SAN FRANCISCO -- For Willie McCovey, the 1969 All-Star Game wasn't an exhibition. It was part of an affirmation.
That Midsummer Classic was the last one played in our nation's capital until Tuesday's clash between the National and American Leagues. Though the 1969 All-Star rosters featured 19 future Hall of Famers, McCovey towered over every participant like the Washington Monument. The Giants first baseman hit two home runs for the NL in a 9-3 victory, and was named the game's Most Valuable Player.
This performance accented McCovey's finest season. He finished 1969 with 45 home runs and 126 RBIs, both league highs, along with a prodigious .320/.453/.656 slash line. Predictably, he won the NL's Most Valuable Player Award.
Such statistics and distinctions only hint at McCovey's impact upon baseball in general and that season in particular.
In 1969, McCovey changed the basic managerial approach toward elite power hitters. In previous years and eras, prolific sluggers might get pitched around. But rarely were they completely bypassed through use of the intentional walk. McCovey, however, intimidated opponents so much that they simply refused to pitch to him. Thus did the intentional walk, which became an official stat in 1955, enter baseball's strategic lexicon.
McCovey drew a record 45 intentional passes in 1969. His total represented a quantum increase over the previous record of 33, which Ted Williams set in 1957. And the only player to get more free passes in a season than McCovey is Barry Bonds, who did it every year from 2002 through 2004.
"All the teams feared me," McCovey said matter-of-factly. "I just couldn't get a good pitch to hit. Whenever there was a base open, they put me on."
On Sept. 21, 1969, Dodgers manager Walter Alston reached new extremes of respect -- and terror -- by walking McCovey intentionally in the 10th inning with two outs, nobody on base and the score tied, 3-3, in San Francisco. The ploy backfired, as the Giants proceeded to load the bases and win on an error by shortstop Maury Wills.
Nevertheless, many managers might have done the same thing. One skipper who regarded McCovey as highly flammable was Hall of Famer Sparky Anderson. McCovey recalled seeing Anderson stroll past him by the batting cage or dugout before games, raise his hand and wiggle four fingers to signify an intentional walk. The start of the game might be hours away, and already Anderson was informing McCovey how he'd be pitched.
One day, after Anderson automatically sent him to first base yet again, McCovey finally lost his patience. Frustrated over losing another chance to swing the bat, McCovey bellowed at Anderson, "Who do you think I am, Babe Ruth?" "No," Anderson yelled back. "You're better."
Reminded of that anecdote, McCovey chuckled. "That's a true story," he said.
Video: MLB Network takes a look back at McCovey's career
In 1969, the backdrop for McCovey's peak year already was in place, as it came after the "year of the pitcher," which led to MLB lowering the mound from 15 inches to 10 inches. And expanding from 20 to 24 teams diluted the pitching talent, to boot. As a result, runs per game jumped from 3.42 to 4.07, and McCovey had his best statistical season.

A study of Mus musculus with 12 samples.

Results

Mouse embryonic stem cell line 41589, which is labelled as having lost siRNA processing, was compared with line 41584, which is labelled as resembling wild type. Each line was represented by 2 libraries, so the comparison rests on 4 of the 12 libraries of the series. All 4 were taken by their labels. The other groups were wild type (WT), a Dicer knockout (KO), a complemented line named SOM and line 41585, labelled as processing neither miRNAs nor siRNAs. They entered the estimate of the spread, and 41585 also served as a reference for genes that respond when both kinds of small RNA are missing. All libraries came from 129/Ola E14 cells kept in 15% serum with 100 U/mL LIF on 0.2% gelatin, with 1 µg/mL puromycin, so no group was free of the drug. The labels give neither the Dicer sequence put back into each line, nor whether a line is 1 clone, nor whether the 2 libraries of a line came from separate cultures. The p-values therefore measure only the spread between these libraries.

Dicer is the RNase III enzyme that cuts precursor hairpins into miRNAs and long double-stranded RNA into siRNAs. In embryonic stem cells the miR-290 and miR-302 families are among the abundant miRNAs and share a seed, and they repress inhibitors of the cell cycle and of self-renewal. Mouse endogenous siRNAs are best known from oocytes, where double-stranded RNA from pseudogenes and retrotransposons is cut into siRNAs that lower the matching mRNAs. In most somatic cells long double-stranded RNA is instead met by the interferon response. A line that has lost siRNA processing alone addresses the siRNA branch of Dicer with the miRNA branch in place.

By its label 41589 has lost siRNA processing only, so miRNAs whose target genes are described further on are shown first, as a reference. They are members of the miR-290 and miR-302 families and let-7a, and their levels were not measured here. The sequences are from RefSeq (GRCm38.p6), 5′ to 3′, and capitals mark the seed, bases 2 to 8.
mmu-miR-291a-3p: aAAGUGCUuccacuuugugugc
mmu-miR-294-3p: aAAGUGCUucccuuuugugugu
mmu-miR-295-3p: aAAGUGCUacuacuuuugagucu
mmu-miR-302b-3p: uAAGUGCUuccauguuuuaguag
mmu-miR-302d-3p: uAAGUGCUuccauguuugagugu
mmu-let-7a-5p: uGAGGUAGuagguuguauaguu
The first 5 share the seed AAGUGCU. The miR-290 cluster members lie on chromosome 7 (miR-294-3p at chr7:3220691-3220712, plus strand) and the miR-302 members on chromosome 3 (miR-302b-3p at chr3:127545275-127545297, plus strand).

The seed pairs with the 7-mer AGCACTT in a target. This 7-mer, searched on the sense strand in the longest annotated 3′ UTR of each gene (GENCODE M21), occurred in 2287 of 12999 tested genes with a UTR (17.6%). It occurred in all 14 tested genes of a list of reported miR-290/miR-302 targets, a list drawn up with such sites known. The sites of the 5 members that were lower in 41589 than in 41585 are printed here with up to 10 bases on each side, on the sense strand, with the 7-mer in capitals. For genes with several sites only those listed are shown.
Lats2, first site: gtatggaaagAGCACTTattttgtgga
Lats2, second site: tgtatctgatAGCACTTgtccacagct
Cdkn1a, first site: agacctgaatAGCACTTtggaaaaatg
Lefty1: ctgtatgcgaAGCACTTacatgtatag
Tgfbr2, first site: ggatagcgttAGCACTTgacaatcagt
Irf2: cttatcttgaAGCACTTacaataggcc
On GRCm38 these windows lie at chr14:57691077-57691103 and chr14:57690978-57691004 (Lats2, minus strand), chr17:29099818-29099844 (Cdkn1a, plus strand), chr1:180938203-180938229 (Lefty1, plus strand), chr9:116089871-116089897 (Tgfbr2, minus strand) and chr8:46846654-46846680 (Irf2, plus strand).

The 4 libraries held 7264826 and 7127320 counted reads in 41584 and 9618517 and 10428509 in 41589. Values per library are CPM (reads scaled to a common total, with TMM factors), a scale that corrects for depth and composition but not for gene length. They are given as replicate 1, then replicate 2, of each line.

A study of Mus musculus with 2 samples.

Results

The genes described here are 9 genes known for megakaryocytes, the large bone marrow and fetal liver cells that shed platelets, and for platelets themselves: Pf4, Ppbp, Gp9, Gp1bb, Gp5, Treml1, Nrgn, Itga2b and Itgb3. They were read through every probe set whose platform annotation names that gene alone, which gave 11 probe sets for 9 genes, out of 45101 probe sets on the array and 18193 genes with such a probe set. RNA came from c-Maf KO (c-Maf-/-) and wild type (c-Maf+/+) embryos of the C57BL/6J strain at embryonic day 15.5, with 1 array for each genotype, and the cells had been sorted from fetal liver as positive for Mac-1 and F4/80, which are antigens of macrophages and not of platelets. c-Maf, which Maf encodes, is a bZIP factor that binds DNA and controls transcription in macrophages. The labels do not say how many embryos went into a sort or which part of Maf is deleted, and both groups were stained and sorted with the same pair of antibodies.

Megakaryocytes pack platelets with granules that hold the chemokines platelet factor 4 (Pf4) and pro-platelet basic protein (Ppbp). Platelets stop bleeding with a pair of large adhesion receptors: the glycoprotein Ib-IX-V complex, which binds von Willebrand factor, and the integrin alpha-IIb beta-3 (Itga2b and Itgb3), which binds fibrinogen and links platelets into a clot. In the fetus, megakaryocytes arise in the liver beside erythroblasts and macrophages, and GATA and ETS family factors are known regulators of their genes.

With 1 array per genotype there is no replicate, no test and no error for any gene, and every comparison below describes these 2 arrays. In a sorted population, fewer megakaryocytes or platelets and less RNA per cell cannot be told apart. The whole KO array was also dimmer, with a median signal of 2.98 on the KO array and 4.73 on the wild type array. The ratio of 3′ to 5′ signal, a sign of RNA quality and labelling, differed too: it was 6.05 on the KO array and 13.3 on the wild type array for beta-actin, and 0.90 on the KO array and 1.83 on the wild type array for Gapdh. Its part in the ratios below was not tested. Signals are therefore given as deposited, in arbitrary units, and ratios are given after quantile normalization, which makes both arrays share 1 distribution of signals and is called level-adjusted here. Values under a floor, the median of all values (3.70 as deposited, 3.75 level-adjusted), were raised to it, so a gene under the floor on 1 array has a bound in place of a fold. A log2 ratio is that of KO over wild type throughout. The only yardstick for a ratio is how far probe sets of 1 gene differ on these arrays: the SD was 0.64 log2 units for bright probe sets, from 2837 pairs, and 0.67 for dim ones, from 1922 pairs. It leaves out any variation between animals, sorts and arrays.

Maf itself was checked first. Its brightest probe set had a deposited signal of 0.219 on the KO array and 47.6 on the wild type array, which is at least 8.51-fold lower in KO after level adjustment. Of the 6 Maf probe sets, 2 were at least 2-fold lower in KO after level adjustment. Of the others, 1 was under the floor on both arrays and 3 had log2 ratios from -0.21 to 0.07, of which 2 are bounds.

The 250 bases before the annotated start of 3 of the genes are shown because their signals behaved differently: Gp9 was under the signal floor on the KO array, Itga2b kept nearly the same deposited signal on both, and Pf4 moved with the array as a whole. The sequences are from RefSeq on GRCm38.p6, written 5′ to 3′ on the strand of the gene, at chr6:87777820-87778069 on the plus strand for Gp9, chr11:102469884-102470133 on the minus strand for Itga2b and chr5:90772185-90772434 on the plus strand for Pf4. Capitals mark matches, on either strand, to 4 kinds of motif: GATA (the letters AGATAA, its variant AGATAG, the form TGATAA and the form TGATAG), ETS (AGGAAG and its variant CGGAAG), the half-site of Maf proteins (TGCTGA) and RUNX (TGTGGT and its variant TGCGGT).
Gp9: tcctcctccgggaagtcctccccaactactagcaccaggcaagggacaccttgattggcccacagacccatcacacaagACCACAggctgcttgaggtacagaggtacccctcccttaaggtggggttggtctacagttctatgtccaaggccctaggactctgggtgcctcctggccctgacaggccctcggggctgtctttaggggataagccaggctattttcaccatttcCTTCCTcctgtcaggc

However, one pitcher who got the best of McCovey was Oakland's John "Blue Moon" Odom, who struck him out in the 1968 All-Star Game at Houston. As McCovey began to return to the dugout, he said loudly enough for Odom to hear, "I'm gonna get you." And at the 1969 All-Star Game, he did.
This Midsummer Classic was distinctive from the rest. MLB observed the 100th anniversary of professional baseball in 1969, which called for special festivities that included a trip to the White House.
"At that time, Richard Nixon was president," said Larry Dierker, then the Astros' ace.
"As unpopular as he was, everybody was still thrilled to get to go to the White House." McCovey concurred. "[Nixon] signed baseballs for all of us. That was kind of a big deal, to go to the White House."
Steady rain forced postponement of the game, scheduled for July 22, until the next afternoon. (Amazingly, the All-Star Game hasn't been postponed since.)
McCovey batted fourth, one spot behind Hank Aaron and one ahead of Ron Santo. Though this was McCovey's fourth All-Star selection, he did not take his assignment for granted. "For me to hit cleanup in that lineup was amazing," he said.
McCovey grounded out against Yankees right-hander Mel Stottlemyre in the first inning. Then came the third inning and a rematch against Odom, whose strikeout McCovey had promised to avenge. Odom was equally determined.
"What was on my mind was striking him out again," Odom said. But McCovey got the best of it, clearing the center-field barrier for a two-run homer that ignited a five-run NL outburst.
"He was a man of his word," Odom said.
One inning later, McCovey went deep against Denny McLain, pulling a drive to right field that lengthened the NL's lead to 9-2. The final was 9-3. McCovey joined Arky Vaughan, Al Rosen and Williams as the only players to homer twice in an All-Star Game. Gary Carter later joined the list.
This was part of a run in which the NL won 19 of 20 All-Star Games from 1963-82.
"The National League was much deeper at that point in time with talent," said former Dodgers right-hander Bill Singer. "Billy Williams couldn't make the All-Star team and he made the Hall of Fame."
McCovey, who turned 80 in January, remains a fiercely proud National Leaguer.
"We wanted to prove to the American League that we were the better league," McCovey said. "So that's the way we approached it every year."
It was almost as if McCovey hit that second home run for emphasis.
"He was that good," Singer said.
Chris Haft has covered the Giants since 2005, and for MLB.com since 2007. Follow him on Twitter at @sfgiantsbeat and listen to his podcast.